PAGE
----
Getting access to high-quality green coffee from Kenya isn’t difficult. Anyone can buy coffee through the country’s auction system or an exporter. Despite the “high” prices fetched by some Kenyan specialty coffees—relative to prices in other countries—overall coffee production in Kenya has been declining noticeably in the past three decades. People are leaving the coffee farming business in Kenya because they don’t see it as a viable, long-term way to provide for their families. High prices do exist, but the lots fetching those prices are generally just a fraction of a farmer’s overall production—the remainder of that production is usually sold for significantly less. This purchasing model doesn’t offer much in the way of long-term stability or predictability for Kenyan coffee farmers.
We love Kenyan coffee, but we don’t want to buy it this way. We strive to build long-term partnerships between ourselves and farmers through which we can communicate directly and collaborate on projects to increase the quality of the entirety of a farmer’s total production. In return, we get great coffees that we can rely on each and every year. It’s a purchasing model based on adding value for everyone involved.
Adding value means that our business partnerships with coffee farmers are more than just a handshake. These partnerships look different in every country, in every region, and on every farm. We’d like to give you a peek into how this works in Kenya, with the help of the Kushikamana group and their leader, Peter Mbature.
|Coordinates||1.2921° S, 36.8219° E|
|Area||224,445 sq mi|
We negotiate prices directly with Kushikamana farmers, setting prices for each level of coffee quality. We also commit to buying coffees pre-harvest. The training and equipment we provide throughout the year raises the quality level for all coffees, meaning that we can buy a much higher volume at good prices instead of taking only the highest grade lot each harvest and leaving the rest to be sold in traditional markets.
The majority of Kenyan coffee goes through an auction system where farmers turn in their coffee to dry mills and get limited information on their quality levels and final auction prices. While the auction system does allow for pricing based upon quality, prices can still vary greatly year-to-year. Farmers don't have any contact with auction buyers and don't receive any feedback on how to improve their quality—and, hence, make more money—for the next auction. Although coffee can be purchased outside the auction system in Kenya, this is usually done through a process where buyers taste many coffees through exporters and then cherry-pick the best lots. Farmers might get a good price for these lots, but they don't have contact with the buyers, still have to find an outlet for the remainder of their coffee, and have no guarantee that they can sell to the same buyer next year.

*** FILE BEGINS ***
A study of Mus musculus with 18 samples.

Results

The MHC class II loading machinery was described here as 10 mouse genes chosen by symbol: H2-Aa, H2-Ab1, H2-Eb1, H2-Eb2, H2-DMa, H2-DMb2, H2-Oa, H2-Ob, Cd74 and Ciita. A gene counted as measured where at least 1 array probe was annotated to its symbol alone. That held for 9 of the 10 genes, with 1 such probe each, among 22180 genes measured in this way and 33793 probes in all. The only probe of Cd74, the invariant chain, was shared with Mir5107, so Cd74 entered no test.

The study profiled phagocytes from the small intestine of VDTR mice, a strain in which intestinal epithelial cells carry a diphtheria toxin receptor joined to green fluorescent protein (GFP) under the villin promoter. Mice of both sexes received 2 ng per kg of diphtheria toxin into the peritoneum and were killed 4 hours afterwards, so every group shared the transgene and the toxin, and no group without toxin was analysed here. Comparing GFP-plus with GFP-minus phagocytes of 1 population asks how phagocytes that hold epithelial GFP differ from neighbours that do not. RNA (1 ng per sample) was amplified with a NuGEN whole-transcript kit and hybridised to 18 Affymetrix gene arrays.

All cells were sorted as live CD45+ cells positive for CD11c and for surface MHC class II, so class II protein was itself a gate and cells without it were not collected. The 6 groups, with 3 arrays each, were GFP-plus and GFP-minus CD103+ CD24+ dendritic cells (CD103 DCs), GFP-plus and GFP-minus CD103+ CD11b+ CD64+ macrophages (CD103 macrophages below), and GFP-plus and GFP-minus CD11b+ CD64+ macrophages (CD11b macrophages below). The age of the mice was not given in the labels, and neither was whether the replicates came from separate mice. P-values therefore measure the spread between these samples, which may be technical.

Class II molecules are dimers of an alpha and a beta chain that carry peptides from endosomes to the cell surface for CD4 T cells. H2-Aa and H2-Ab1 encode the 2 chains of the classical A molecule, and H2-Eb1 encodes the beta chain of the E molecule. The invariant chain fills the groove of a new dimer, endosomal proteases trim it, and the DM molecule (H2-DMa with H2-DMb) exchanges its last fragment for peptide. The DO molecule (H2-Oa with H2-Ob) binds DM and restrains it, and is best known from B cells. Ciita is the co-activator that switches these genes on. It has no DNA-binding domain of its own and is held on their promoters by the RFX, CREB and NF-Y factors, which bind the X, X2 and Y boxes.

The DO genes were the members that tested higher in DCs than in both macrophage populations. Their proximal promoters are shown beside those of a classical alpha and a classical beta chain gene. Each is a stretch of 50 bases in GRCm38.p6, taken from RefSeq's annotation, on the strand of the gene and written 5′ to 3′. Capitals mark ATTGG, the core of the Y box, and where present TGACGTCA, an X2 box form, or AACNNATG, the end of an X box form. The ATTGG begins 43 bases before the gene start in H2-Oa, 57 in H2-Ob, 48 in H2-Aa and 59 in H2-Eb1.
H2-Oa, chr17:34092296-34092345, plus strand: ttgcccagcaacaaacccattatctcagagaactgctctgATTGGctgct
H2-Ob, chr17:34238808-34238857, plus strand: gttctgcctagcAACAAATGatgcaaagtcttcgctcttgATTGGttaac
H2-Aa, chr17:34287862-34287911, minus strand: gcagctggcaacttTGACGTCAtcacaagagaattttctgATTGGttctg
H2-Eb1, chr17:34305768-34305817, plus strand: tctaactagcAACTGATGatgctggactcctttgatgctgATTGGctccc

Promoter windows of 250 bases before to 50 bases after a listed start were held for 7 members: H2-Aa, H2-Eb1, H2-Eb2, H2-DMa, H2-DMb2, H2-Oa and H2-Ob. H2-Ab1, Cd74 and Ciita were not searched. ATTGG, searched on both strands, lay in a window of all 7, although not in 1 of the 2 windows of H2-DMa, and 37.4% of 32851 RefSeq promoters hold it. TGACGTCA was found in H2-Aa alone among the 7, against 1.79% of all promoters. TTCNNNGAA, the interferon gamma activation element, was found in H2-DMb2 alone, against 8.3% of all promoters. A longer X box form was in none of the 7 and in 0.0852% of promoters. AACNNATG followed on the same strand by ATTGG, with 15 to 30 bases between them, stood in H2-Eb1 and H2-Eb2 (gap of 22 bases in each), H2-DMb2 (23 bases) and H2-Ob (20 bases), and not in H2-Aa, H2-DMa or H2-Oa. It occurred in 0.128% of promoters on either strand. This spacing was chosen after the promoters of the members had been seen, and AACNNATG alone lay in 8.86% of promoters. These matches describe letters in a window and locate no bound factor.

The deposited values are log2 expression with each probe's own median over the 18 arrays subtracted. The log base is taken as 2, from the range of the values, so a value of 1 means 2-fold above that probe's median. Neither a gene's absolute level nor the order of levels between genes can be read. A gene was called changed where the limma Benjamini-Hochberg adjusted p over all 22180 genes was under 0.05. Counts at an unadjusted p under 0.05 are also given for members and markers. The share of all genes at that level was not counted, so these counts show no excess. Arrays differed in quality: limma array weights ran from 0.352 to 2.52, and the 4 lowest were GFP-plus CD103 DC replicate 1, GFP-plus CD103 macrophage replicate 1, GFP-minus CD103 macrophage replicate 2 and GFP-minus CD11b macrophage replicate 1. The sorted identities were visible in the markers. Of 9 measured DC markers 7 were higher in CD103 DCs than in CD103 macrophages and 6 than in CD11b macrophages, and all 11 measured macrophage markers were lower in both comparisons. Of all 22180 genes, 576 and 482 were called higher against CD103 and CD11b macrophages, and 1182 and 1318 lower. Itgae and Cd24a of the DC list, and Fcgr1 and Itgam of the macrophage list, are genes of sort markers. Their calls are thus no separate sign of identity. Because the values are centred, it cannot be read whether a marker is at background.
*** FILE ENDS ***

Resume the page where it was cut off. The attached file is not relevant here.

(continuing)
Peter Mbature is an essential part of the successful partnership between Counter Culture and Kushikamana. Peter owns Kamavindi, a farm summed up well by its slogan: “Real Passion, Great Coffee.” Counter Culture coffee buyer Tim Hill describes Peter as “crazy inquisitive.” It is this passion and curiosity that fueled Peter to improve coffee processing at Kamavindi—an initiative that resulted in a stunningly complex coffee that continues to improve each year.
Soon, Peter was talking with neighboring farmers about enacting similar improvements. Over the last two years, more than a dozen small-estate growers have been meeting and sharing farming practices and quality control techniques. They’re not a cooperative, just a group of long-time coffee farmers who are bucking cultural norms because they see the value in sharing information and working together. The group chose the name Kushikamana —which means “connected”—to represent the unity of this amazing alliance. They are working to improve picking, processing, irrigation, drying, and storage techniques—and even variety separation.
Counter Culture has been supporting the group by paying for training and providing tools like moisture and pH meters, GrainPro bags for coffee storage, and a modest cupping/roasting set up so they can regularly taste their coffees for quality.
By providing material support and relying heavily on Peter as a sharer of knowledge, Counter Culture is working with the producers of Kushikama to add value to their coffees—benefiting everyone involved. Their dedication to quality improvement, combined with feedback on quality from Counter Culture, means that farmers are now able to ask higher prices for more of their coffees and that we, in turn, get the benefit of a stable, long-term partnerships with producers of exceptional coffees.
After a decade of trying to build strong, transparent, and direct partnerships in Kenya, this project is now one of best examples of Counter Culture’s purchasing model.